As the coal industry continues its slide in eastern Kentucky, the Letcher County Food Pantry has seen a continuing increase in the number of families it serves each month.
In October, 200 more people received food from the pantry, which is located in Whitesburg, than in January.
“There’s so many people that are below the poverty level and they really rely upon that food,” said Geraldine McDonald, president of the Letcher County Food Pantry. “Without that they would really be hurting.”
In October, 546 boxes of food were handed out at the food pantry compared to 300 in January. So far in November, 530 families have been served. When McDonald began volunteering eight years ago, the pantry served 250 to 325 people each month.
“Ninety-nine percent of the people are appreciative,” said McDonald. “You can tell by the way they act when they come in.”
McDonald said people don’t usually sign up for services after August, but 30 new applicants qualified in November.
“They are in such dire straits,” said McDonald.
Those interested in getting food from the pantry are required to apply at Leslie-Knott-Letcher-Perry (LKLP) Community Action Council offices at 2 Main Street in Whitesburg. An interview is conducted to determine whether the person meets eligibility guidelines. Since the food pantry receives some commodities through God’s Pantry Food Bank, federal guidelines are followed. McDonald said those who are unemployed, receive Social Security or are disabled usually meet requirements.
The Letcher County Food Pantry serves residents who live from Millstone to the Perry and Knott county lines. East Letcher Ministries at Fleming-Neon serves people from Millstone to the Virginia border. Eolia Christian Community Outreach (ECCO) serves people who live across Pine Mountain.
The Letcher County Food Pantry has a base of 1,500 people, but not everyone gets food each month. The food pantry uses a card system to keep track of when and who picks up food. Recipients show proof of identification and sign for the food.
The food pantry is open from noon until 3 p. m. Monday through Friday. The food pantry, located at 204 Madison Ave., is operated out of a house owned by Whitesburg First Baptist Church, which also pays the water and electric bill.
“Once a month if they need it, they can come and get a box of food,” said Mc- Donald. “Some only come if they actually need it.”
On average, 30 people are served at the pantry each day. Back in the spring, McDonald said a record was set when 68 people picked up food boxes in one day.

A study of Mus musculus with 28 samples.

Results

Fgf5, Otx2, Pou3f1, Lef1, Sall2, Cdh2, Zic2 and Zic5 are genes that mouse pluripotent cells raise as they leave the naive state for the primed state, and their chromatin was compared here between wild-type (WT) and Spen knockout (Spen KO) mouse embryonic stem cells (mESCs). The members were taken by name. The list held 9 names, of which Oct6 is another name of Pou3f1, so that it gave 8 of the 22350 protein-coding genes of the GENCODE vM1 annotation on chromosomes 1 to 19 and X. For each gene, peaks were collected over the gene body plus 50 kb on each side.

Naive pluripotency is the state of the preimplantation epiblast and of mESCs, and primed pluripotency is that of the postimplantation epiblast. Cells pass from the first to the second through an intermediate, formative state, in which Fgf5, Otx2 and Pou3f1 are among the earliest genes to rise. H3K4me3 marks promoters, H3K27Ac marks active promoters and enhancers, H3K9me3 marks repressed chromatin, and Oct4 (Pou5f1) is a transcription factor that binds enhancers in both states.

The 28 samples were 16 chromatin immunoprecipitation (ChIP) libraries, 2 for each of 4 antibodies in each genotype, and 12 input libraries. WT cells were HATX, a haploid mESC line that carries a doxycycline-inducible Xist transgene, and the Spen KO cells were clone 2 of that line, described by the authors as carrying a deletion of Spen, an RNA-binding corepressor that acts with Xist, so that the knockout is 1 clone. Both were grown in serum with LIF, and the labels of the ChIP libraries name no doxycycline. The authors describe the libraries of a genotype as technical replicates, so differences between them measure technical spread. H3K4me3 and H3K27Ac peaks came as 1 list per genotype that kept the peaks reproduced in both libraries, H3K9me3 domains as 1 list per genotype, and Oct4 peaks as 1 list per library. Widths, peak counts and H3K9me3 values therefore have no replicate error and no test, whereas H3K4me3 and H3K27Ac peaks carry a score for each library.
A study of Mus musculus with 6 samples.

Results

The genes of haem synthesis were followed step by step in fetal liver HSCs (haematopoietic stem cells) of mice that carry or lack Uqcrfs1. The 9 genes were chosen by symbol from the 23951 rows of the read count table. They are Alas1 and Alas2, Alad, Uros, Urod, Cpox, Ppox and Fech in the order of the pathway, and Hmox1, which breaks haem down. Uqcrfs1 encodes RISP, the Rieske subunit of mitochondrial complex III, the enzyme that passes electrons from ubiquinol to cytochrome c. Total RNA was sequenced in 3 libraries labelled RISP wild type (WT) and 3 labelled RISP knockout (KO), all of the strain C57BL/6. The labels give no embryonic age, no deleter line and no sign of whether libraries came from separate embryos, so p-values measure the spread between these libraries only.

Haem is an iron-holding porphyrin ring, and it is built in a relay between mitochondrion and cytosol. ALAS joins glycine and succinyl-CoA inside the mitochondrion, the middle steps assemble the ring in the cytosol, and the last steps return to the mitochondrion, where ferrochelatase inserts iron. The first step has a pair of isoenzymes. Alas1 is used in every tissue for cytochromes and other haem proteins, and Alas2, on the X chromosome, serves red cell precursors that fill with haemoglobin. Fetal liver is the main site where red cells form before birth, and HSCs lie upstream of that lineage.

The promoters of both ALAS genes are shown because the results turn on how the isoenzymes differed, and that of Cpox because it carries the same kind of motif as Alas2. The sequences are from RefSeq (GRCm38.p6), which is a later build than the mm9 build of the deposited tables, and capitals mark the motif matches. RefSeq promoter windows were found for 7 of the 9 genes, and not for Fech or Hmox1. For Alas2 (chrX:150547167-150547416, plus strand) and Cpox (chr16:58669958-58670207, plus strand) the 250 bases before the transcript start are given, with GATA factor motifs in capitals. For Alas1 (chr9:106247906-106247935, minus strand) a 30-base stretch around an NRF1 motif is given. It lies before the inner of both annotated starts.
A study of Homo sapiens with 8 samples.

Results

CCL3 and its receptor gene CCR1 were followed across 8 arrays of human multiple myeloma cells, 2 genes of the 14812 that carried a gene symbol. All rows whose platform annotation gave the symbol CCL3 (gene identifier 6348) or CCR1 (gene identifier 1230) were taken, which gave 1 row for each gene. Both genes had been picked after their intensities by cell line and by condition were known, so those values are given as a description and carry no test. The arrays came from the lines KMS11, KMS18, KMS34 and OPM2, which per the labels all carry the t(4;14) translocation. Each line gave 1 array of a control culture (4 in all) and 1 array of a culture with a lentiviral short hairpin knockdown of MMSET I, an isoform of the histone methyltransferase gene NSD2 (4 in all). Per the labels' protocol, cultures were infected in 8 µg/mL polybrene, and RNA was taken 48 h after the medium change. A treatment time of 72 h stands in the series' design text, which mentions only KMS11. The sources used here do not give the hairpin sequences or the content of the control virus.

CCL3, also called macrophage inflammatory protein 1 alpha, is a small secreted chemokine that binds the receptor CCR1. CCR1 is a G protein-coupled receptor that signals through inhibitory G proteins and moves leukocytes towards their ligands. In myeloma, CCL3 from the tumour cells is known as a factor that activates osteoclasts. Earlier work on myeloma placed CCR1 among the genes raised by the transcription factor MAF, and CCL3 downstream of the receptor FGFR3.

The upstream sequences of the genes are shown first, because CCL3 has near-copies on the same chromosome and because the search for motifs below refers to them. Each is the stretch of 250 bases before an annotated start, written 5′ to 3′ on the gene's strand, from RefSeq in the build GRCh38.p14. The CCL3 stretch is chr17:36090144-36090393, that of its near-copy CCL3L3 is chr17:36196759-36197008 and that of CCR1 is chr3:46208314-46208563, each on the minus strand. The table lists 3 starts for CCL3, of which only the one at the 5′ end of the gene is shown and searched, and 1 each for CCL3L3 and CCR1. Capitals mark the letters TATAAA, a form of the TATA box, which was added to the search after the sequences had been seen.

“It was just unreal,” she said.
McDonald said the food handed out at the pantry is meant to supplement what people have in their cabinets or the food they plan to buy.
Boxes of food vary depending on number in households. Boxes usually contain cereal, peanut butter, a meat product (frozen or canned), cheese, soup, crackers, fruit juice, water, canned drink and vegetables. Extra items may include cookies, chips, doughnuts or other items donated to the pantry.
The food pantry pays up to 19 cents per pound for food through God’s Pantry Food Bank. The food, which includes fresh fruits and vegetables, is delivered each week to Hazard and Geraldine McDonald’s husband Roger picks up the food at New Hope Church in Perry County. God’s Pantry Food Banks also distributes commodities such as peanut butter, pinto beans, macaroni, spaghetti, pasta sauce, lamb, beef, sausage, fish, beef and chicken.
Several years ago, the McDonalds bought a box truck with lift gate to transport food.
Once a month, the Mc- Donalds travel to Hagerhill to pick up food donations. Food City and Walmart also give regular donations.
The food pantry has an annual budget of about $25,000, which is made up entirely from donations.
“Sometimes we’ll go over that and sometimes not,” said McDonald. “We’ve never run out of food.”
Because the food pantry doesn’t receive federal dollars or grant funding, the food pantry relies on monetary and food donations to stay in operation.
McDonald said neighbors help neighbors.
“Churches send in money,” said McDonald. “Individuals send in money. For a year and a half, a couple gave $200 a month.”
A few years ago, an individual gave $5,000, she said.
“People are generous,” said McDonald. “It’s purely through the Lord.”
McDonald said monetary donations are preferred because the food pantry can get more food by purchasing items at 19 cents a pound through God’s Pantry Food Bank.
Donations are tax-exempt. Mail donations to Letcher County Food Pantry, P.O. Box 416, Whitesburg, KY, 41858. Call the food pantry at 633-5881.
Volunteers are needed. At least three volunteers are needed to work each threehour shift.
“The volunteers need to be serious about volunteering,” said McDonald.
The food pantry started in the late 1970s after a coal company was fined for the Scotia mine disaster. Part of the settlement went to a community service project.
Geraldine McDonald began volunteering with the food pantry about eight years ago when she worked as a registered nurse at Whitesburg Appalachian Regional Hospital. After retiring, she has served as president for the past six years.
Geraldine McDonald and her sister Shirley Combs have volunteered three days a week at the food pantry. Roger McDonald and Shirley Combs’s husband Buford picked up food and delivered the items to the food pantry.
The McDonalds and the Combses are moving soon to Supply, North Carolina, which is about five miles from Holden Beach. December 15 is the closing date on their house.
Today (Wednesday) is the last day they will be volunteering at the food pantry.
Beginning December 1, the food pantry will be open from noon until 3 p.m. on Wednesdays, Thursdays and Fridays.